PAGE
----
The Strategic Freight Plan includes a policy framework that is used to guide the development of specific strategies to address identified freight mobility needs in the Tampa Bay region. The policy framework provides guidance for the implementation of roadway capacity and operational strategies on the freight transportation network. Potential strategies for a given roadway facility should support the primary freight function(s) of the roadway facility and consider the land uses and activities within the corridor as well as the shared uses of the corridor.
A key consideration in defining appropriate transportation improvement strategies to address defined mobility needs on the freight transportation roadway network is the freight function of the roadway. The freight transportation network serves four primary transport functions:
- Mobility – to move high volumes of truck traffic at relatively high speeds
- Connectivity – to provide efficient connections between freight activity centers
- Circulation – to provide for efficient distribution throughout the region
- Accessibility – to provide direct access for trucks entering and leaving activity centers
The freight transportation network has been organized into four facility types, each providing primary and secondary freight transport functions. These facility types and their primary functions include Limited Access Facilities, Regional Freight Mobility Corridors, Freight Distribution Routes, and Freight Activity Center Streets.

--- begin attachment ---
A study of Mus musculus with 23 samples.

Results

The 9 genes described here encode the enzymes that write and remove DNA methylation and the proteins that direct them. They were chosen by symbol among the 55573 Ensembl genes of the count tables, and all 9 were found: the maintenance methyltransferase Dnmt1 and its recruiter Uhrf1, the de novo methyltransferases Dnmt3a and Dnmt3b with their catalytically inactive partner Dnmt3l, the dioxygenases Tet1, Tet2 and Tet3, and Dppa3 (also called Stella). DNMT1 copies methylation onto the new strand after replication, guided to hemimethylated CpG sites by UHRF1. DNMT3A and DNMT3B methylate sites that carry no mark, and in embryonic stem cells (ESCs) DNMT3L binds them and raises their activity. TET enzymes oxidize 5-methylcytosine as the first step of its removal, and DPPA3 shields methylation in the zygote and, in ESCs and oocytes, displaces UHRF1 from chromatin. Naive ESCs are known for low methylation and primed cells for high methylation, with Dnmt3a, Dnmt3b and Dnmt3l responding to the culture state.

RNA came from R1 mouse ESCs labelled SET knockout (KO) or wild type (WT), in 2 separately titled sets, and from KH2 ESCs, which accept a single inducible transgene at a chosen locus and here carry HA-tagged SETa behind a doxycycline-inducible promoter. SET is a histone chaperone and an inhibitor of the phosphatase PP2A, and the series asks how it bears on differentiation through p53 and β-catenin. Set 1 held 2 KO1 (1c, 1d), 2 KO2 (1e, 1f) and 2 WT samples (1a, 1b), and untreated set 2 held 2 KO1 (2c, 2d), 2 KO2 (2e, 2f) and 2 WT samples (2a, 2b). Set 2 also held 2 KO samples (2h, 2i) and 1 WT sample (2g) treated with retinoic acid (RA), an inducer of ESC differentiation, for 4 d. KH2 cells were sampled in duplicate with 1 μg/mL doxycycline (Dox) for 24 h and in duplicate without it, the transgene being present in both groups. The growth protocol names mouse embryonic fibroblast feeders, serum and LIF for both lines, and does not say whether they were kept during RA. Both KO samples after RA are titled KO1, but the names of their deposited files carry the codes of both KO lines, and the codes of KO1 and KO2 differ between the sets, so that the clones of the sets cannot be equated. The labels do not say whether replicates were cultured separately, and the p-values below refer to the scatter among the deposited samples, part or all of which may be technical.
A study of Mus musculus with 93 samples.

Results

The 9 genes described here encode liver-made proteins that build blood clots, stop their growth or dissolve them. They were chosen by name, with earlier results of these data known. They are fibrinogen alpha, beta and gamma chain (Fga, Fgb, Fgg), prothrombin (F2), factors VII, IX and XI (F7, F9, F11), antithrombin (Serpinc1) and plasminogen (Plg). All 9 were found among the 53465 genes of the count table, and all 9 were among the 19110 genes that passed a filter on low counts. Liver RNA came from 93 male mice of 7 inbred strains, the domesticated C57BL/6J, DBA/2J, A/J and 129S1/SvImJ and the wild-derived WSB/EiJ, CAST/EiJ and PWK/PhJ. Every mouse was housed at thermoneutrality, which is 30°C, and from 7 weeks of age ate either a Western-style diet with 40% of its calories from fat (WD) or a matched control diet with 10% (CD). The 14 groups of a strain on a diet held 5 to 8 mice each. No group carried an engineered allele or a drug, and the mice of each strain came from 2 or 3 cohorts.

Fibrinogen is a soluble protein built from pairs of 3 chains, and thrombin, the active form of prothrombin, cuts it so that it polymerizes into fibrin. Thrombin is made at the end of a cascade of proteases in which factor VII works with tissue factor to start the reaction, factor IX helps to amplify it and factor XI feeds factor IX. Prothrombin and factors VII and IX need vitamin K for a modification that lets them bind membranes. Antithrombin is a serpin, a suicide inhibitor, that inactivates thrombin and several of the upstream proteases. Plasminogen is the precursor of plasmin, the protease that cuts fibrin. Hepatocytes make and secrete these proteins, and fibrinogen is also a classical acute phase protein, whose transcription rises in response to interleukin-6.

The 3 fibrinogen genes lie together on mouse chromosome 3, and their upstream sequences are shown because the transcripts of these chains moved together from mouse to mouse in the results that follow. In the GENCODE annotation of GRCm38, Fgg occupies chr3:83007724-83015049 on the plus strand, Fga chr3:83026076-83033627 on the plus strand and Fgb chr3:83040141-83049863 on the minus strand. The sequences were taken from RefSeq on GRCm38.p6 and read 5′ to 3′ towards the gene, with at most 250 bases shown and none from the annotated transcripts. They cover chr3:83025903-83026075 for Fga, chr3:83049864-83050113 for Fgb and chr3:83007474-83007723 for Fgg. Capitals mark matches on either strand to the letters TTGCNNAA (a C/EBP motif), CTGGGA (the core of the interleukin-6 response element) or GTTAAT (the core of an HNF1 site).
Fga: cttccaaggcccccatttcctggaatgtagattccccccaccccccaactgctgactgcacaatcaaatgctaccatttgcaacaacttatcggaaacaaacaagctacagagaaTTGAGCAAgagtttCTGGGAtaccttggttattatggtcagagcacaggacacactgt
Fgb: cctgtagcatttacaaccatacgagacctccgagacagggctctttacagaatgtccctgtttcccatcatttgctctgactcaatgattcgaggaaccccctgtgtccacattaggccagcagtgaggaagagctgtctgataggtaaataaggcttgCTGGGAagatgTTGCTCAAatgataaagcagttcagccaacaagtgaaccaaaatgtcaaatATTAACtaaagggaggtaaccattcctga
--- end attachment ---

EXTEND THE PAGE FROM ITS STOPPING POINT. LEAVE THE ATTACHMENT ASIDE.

Freight Activity and Land Use Compatibility
The Strategic Freight Plan developed initial implementation guidance which outlines freight-supportive transportation strategies, facility design considerations, and policies within freight corridors and subareas. The guidance complements existing processes and takes advantage of freight-specific resources, including a multifunctional Comprehensive Freight Improvement Database (CFID) and a set of Freight Corridor Study Guidelines. It identifies considerations for determining design solutions that support freight vehicle mobility, access, and operations in a number of urban environments.
The freight activity and land use compatibility analysis identified four general area types characterized by the land uses and activities that exist or are anticipated. Low activity areas are characterized by land uses that would generally be compatible with freight mobility, but actual freight activity (truck traffic) in these areas is low. Community oriented areas have low freight traffic and are characterized by medium- to high-density residential, office, and mixed uses that create pedestrian, bicycle, and automotive traffic. Freight oriented areas have high levels of truck traffic and land uses that are compatible with high levels of goods movement, such as industrial and commercial areas. Diverse activity areas have elements of both community oriented and freight oriented areas. Freight activity is high in these areas, either in terms of truck traffic or industrial and commercial land uses (or both), but there are also fairly dense residential and/or office uses.